Silence, Nature, and Truth

Crater Lake National Park.jpg

I just spent a week in Rocky Mountain National Park with my wife’s extended family. Visiting a different national park every year has become an annual tradition. We hike, laugh and enjoy each others' company. This year’s highlight was a solo hike into the mountains, alone in the grandeur of a godly place.

I find it fascinating that throughout history, when every great religious prophet wanted to connect with God, they went alone into nature. Jesus and Moses wandered the desert. Buddha sat under a bodhi tree. Mohammed prayed in the wilderness. The Aborigines have their walk-about. First Nation’s people their vision quest, and for centuries mystics have isolated themselves in deep woods or caves, speaking to empty air, eyes inward.


Part of the answer is in silence itself. Every religious tradition teaches, it is in silence that God speaks the loudest. When we are silent, the chattering veil of our mind begins to fade away allowing a connection to something deeper.

This was beautifully stated by the poet Rumi, when he wrote, “The mystery cannot by answered by repeating the question, nor can it be bought by going to amazing places. Only until I have silenced the eyes and stilled the heart. Only then can I begin to cross over from confusion.”

In the quest to understand our greater truth, silence becomes the mother tongue. It is the essential first step to greater wisdom.

But being quiet, in and of itself, is not the teaching. The lesson of the prophets is more than just silence. The prophets teach us instead to be silent in nature.

There is a quality that exists in the natural world that many of us seek. It is the way things happen, a divine order, which has a sense of “this is the way it should be”. We can call this quality “is ness”; as in “it just is”.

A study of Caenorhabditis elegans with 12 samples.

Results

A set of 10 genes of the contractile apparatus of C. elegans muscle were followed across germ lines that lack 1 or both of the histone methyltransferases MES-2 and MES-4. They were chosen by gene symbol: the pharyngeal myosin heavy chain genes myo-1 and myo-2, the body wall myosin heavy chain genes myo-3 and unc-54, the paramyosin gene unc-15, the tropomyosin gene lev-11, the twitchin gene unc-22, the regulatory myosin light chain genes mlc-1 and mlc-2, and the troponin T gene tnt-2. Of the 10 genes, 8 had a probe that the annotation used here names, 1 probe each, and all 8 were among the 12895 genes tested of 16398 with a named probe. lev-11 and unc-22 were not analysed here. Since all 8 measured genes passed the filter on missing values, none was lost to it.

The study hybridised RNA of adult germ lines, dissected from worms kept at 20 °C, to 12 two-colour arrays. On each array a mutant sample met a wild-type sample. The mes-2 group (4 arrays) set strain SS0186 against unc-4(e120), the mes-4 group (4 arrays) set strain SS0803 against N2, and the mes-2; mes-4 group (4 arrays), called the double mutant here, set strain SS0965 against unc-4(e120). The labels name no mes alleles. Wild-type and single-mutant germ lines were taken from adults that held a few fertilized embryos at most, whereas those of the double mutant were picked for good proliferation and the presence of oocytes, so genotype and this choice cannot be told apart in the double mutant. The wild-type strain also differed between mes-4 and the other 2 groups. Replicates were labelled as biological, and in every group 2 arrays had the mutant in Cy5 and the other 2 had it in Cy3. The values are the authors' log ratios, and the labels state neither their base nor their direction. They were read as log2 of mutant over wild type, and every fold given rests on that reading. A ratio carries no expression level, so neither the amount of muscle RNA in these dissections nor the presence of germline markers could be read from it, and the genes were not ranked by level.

This “is ness”, the events of natural life, have happened on this planet an infinite amount of times, an infinite number of days beyond human knowing. This natural order occurs without the addition or imprint of human preference or perspective.

For example, when a bobcat kills a rabbit it is never personal between the two. If a strong wind blows down a maple, it is not a deliberate premeditated act by the wind against the tree. Instead it is what happens every day in the natural world; actions without prejudice, revenge, or ego. The only considerations are food, shelter or continuation of the species. Everything in nature, unlike what is created by humans, occurs without personal agenda.

Why is this important?

Quantum physics teaches that everything has a “field” around it, a molecular energetic at an atomic level that interacts with the “fields” of other things. If you place two pendulum clocks together, they will synchronize their tick-tock swings. Women who live together often report their monthly cycles coordinating over time. Fields mutually affect one another and in matters of impact, it is the larger field that effects the smaller. After all, the earth revolves around the sun, not the other way around.

This is the wisdom of the prophets. Every time we place ourselves in the larger field of nature, we create an opportunity to be shaped and changed by nature’s “is ness.” By being in this larger field, we reset our own basic truths, we realign beyond agenda and ego to a deeper place.

For over twenty-five years in northern Canada I have put people into the wilderness for a solo experience. The instructions are usually simple. Find a spot that calls you. Sit quietly. Do not do anything. Just be. Make wherever you are, in however it feels right, your home.

Upon return, in almost every case, I am struck by a certain quality that returnees exhibit. The eyes are often exceptionally bright, and the voices soft and quiet. No matter what the experience, each returnee comes back changed. This transformation is not typically about what was seen but what was felt. It was less that people changed, but instead stood more revealed.

A few years ago I was sitting on the shores of Lake Onondaga with Chief Orville Lyons, of the Onondaga Nation. Chief Lyons was telling me about his people’s various paths to wisdom. After 30 minutes of discussing initiatory rites and ceremonies, he paused, his voice almost a whisper. As if telling me a great secret, he said, “You know. If you really want the truth…ask a tree.”